Since 2008 I have been part of Citizens UK negotiation team and met hundreds of UKBA staff in attempt to establish some accountability and advocate for better treatment of migrants by the system. My involvement with the UKBA in this way stems from the time I served as a Commissioner on the Independent Asylum Commission which is still the most comprehensive review of the UK protection system and it came up with 180 recommendations for improvement of the system. What was different about the Commission was our commitment to work with the government and the UKBA and mobilise civil society to make the system better and fair.
I attended more than thirty meetings with hundreds of UKBA employees in the past five years in an attempt to negotiate some basic standards in treatment of asylum seekers – simple things that we should reasonably expect as the tax payers who pay for this bureaucracy. It was very difficult to engage with any UKBA employees, with the exception of three of their staff members. The problem starts with their culture of disbelief—that the UKBA treats all applicants as guilty until proven innocent. Equally important, though, is their lack of accountability, transparency or cooperation. This is one of the major reasons why the UKBA is constantly being declared ‘not fit for purpose’.
[h3]What does this look like in reality? [/h3]
In my nineteen years of dealing with UKBA and its predecessors, I only ever came across three – yes, three asylum cases that were consider and granted within 6 months. Thousands of people I have met have waited for years, could never call anyone to enquire about their applications, were refused on technicalities and then won on appeals, and I have never in my nineteen years seen a letter from UKBA signed by an actual person. That means that no decision can ever be traced to an UKBA staff member. Correspondence is always late and documents are frequently lost. To my knowledge, no apology has ever been issued to individuals whose lives have been put on hold for years and years.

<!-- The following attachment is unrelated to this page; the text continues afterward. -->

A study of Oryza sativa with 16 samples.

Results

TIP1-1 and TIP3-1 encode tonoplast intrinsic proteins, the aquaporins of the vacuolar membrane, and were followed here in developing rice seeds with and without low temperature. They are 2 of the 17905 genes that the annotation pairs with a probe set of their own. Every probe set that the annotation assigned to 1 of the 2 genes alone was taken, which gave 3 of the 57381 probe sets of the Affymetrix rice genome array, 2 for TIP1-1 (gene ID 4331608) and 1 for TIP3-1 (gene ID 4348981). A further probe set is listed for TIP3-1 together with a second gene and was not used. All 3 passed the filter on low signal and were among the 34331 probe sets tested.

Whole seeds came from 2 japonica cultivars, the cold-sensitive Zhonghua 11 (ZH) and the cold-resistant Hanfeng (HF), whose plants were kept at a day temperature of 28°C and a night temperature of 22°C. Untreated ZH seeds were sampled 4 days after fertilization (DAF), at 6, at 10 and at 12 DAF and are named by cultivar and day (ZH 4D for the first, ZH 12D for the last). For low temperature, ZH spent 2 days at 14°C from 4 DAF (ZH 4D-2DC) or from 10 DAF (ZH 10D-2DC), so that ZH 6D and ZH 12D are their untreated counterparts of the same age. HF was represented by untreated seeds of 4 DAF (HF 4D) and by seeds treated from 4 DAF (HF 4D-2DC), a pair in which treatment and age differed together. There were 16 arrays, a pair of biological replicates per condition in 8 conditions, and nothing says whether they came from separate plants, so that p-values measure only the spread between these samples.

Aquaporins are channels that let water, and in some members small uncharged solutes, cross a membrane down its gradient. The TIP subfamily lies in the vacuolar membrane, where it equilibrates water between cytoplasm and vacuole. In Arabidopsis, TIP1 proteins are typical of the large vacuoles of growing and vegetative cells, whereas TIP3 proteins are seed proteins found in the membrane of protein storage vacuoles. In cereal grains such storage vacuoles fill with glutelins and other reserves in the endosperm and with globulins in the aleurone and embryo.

MPs that I work with are treated with equal disrespect. It does not come as a surprise that John Vine, Chief Inspector, has discovered yet another blunder by UKBA in managing the so called ‘legacy cases’. Every one of these cases were supposed to be resolved by July 2011 – or else the UKBA executives would not get their annual bonuses. They made this promise to the Home Select Affairs Committee. In July 2011, they said they had completed the task and they received their bonuses.
What actually happened is a scenario worthy of a banana republic. The UKBA re-labelled 124,000 case files as ‘controlled archive’ (a completely made up category!) and sent them off to Liverpool. They claimed that these case were people who had disappeared and that they would continue to look for them.
In June last year with a group of colleagues, I met with senior UKBA civil servants to talk about the challenges of clearing this infamous ‘backlog’. They tried to convince us that the only cases that will be archived are those they couldn’t find but we knew that was not true. So we brought the actual people who are being ‘archived’ to show them the damage they are inflicting on people’s lives. We had with us one woman who has been waiting for 14 years. She broke down in tears when describing what it has been like to survive with no money and no right to work for more than a decade. She begged the senior civil servants to take her details and take her file out of the ‘archive’. We had more than a hundred of names and reference numbers for the UKBA staff to remove from the missing people files. They refused. They also ‘warned’ us that if we keep contacting the UKBA to give the names and addresses of the ‘missing people’ then we will ‘just be wasting their valuable time’. You may want to read this sentence again as it is difficult to comprehend: they were not interested in finding people and we, the taxpaying citizens, should stop messing with their labelling system.
[h3]Dysfunctional and Unaccountable[/h3]
So, this week’s revelations are no surprise to me or anyone who has dealt with the UKBA. What came out is solid evidence of dysfunctional and unaccountable bureaucracy that is incapable of reforming or improving and will even resort to the deception of MPs. According to the Inspector’s report from May and June this year, MPs are still complaining to UKBA at the rate of 170 complaints per week!
The Inspector also revealed that a scandalous 150 boxes of mail, including correspondence from applicants, lawyers and MPs, lay unopened in a room in Liverpool. That translates into 14,800 unopened recorded delivery letters and 13,600 unopened first and second class letters containing crucial information and documents about people whose lives have been stuck in limbo, destitution and trauma because one part of our civil service cannot get its act together.
[h4]If they cannot be trusted to open their post, what can they be trusted with?[/h4]
The time has come for the government to stop their screaming about numbers and border controls which fuels inaccurate myths about amnesties. The 2012 Olympics proved that the UK is capable of finding a way to deliver when there is political will.
When will there be political will to establish an accountable and transparent immigration administration, capable of doing a professional job, with good customer care and understanding their duty of care towards taxpayers and migrants?